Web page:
Grieving is one of the most difficult experiences we can go through. It can cause us to feel a whole range of emotions, including shock, denial, anger, and sadness. We might also suffer from physical symptoms such as nausea, weight loss, and headaches. Leaning on your friends and family can help you cope with grief, but you may also want to seek professional support in the form of grief counseling.
“Traditionally, when you seek out therapy, it's for things that are soluble. Anxiety or depression have treatment goal outcomes, but when it comes to grief, there isn't necessarily a tangible solution, as we are learning to mourn and integrate the lost relationship into who we are becoming,” says Jaymie Byron, LMFT and grief therapist.
“The reality is that you will grieve forever. You will not “get over” the loss of a loved one; you will learn to live with it. You will heal and you will rebuild yourself around the loss you have suffered. You will be whole again but, you will never be the same. Nor should you be the same, nor would you want to.” - Elisabeth Kübler-Ross
A grief counselor or therapist can help you navigate and process these complex emotions. Resolving grief is an active process, and grief therapy techniques allow you to express and work through your emotions in a healthy way. A grief therapist can walk with you on this journey, providing insight and companionship.
The guidance below was reviewed by Jaymie Byron, LMFT, and Community & Education Director at Kara Grief. As a grief therapist, Jaymie understands the complexities of grief and the grief therapy strategies that can help you cope. Below we dive into a few of these techniques.
Companioning is when a grief therapist acts as a companion who hears and witnesses your feelings. Companioning isn’t about analyzing or trying to fix things. The therapist will simply be present with you and provide a safe space for you to express your emotions. Having this time and space to talk about your feelings around your loss is an important part of the grieving process.
2. Distinguishing grief from trauma
You may also be experiencing trauma surrounding your loss. For example, you could be having traumatic flashbacks to the moment you found out your loved one died or from visiting them when they were very ill. Trauma can often mask or compound the grief process — your counselor can help you disentangle what you’re experiencing so you can resolve things and heal.
3. Separating different emotions
One way of engaging with trauma stemming from the death of a significant relationship is to differentiate the emotions that arise from this incident. This differentiation — or emotional granularity — can help clarify your experience and help you identify coping skills that would be most helpful for you in the moment. For example, many people experience feelings of guilt when someone’s passed away, perhaps about how they feel or because of unresolved issues. Grief counseling can help you recognize the distinct emotions you’re feeling so you can work through them.
Reading about shared experiences or coping methods can be helpful when dealing with grief. This technique is called bibliotherapy and it can be especially helpful for those in rural communities with limited access to counseling or therapy. Reading stories of loss, and how the bereaved worked through these emotions, can support you as you embark on your own healing journey.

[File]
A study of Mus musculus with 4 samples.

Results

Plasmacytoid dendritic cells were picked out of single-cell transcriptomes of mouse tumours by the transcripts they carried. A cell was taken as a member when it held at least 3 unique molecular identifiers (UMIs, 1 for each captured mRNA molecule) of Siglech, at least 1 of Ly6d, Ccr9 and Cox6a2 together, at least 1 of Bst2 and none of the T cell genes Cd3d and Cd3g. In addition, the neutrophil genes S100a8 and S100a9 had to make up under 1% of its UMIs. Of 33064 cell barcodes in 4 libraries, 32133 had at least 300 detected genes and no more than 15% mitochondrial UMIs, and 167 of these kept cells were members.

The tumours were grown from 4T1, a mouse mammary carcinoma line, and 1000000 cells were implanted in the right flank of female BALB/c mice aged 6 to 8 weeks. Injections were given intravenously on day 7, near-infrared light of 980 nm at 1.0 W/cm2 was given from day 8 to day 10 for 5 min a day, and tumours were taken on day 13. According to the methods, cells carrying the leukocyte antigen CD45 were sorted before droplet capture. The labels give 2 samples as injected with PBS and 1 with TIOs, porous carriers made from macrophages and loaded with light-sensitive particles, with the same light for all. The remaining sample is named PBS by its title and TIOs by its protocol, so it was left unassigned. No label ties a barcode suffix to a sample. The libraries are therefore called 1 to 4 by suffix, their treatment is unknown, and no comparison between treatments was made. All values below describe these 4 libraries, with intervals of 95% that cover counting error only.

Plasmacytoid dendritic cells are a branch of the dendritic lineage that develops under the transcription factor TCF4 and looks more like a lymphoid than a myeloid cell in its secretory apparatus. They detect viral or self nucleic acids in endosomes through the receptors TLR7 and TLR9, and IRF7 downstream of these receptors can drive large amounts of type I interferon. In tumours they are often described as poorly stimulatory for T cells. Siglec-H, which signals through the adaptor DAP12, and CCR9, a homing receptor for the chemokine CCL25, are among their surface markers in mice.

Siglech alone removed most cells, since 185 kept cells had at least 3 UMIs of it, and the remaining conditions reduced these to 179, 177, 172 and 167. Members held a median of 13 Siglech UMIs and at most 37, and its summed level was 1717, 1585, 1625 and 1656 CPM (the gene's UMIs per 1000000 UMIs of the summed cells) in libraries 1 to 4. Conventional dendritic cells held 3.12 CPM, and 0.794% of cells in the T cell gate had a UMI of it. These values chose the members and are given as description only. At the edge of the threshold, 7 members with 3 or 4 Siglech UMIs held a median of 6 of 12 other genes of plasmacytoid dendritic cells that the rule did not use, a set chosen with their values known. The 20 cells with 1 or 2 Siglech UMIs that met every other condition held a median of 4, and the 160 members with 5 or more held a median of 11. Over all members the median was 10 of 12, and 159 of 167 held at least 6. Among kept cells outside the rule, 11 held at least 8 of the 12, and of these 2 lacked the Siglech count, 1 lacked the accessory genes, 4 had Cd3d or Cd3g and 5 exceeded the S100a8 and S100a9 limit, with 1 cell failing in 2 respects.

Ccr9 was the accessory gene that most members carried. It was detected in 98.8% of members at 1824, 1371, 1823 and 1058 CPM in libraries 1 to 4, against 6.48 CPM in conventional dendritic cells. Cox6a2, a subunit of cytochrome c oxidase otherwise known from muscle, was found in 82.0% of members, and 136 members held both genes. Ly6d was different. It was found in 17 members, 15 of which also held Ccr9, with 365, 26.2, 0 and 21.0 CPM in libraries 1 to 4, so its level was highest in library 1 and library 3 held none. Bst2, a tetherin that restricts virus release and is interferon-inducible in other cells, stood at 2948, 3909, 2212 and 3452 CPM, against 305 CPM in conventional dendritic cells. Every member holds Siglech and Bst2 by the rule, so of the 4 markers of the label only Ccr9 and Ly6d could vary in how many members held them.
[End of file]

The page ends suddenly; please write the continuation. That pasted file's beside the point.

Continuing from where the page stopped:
5. Restoring routine
The period after the death of a significant relationship can feel disorientating; however, creating new habits and routines can restore a sense of normalcy. Starting hobbies and projects can help us move forward with our lives while we continue to process our grief. A grief counselor can help you find things that work for you.
6. Expressing emotions through art
While talk or narrative therapies can be beneficial, utilizing a creative outlet can address or allow you to explore your grief at a deeper level. Drawing, painting, and writing are all common grief therapy techniques for adults and children. You might do this in your sessions, or your grief counselor might suggest activities for you to explore in your own time.
7. Creating rituals
Another common grief therapy technique is the creation of rituals. They help you channel your grief into a particular activity so that you have a dedicated time each day to feel your emotions and remember who you’ve lost. Having this devoted time to grieve can make it easier for you to get on with your day-to-day life. Common grief rituals include lighting a candle for someone, visiting their grave, taking a daily walk, or setting a time each day to sit in a certain chair and reflect.
8. Riding the waves
It’s often said that grief comes in waves. Sometimes we might be feeling a bit better when suddenly we’re hit with another big wave of grief. A grief counselor can help you accept changing emotions and find strategies to cope with various stages of grief. One week you might need to express your feelings through companionship and creativity while another time you might be ready to restore some routine into your life.
What grief therapy strategies can teach us
Grief therapy is only as effective as the other coping mechanisms you have in place — like support from your community.
“Peer support and therapeutic support are complementary — it's not either-or. At times, it might be helpful to have someone to talk to that empathizes or has been through the same experience. And other times you might need coping skills from a grief therapist. Both are necessary for healing,” says Jaymie.
Above all, be kind to yourself and ask for help if you need it.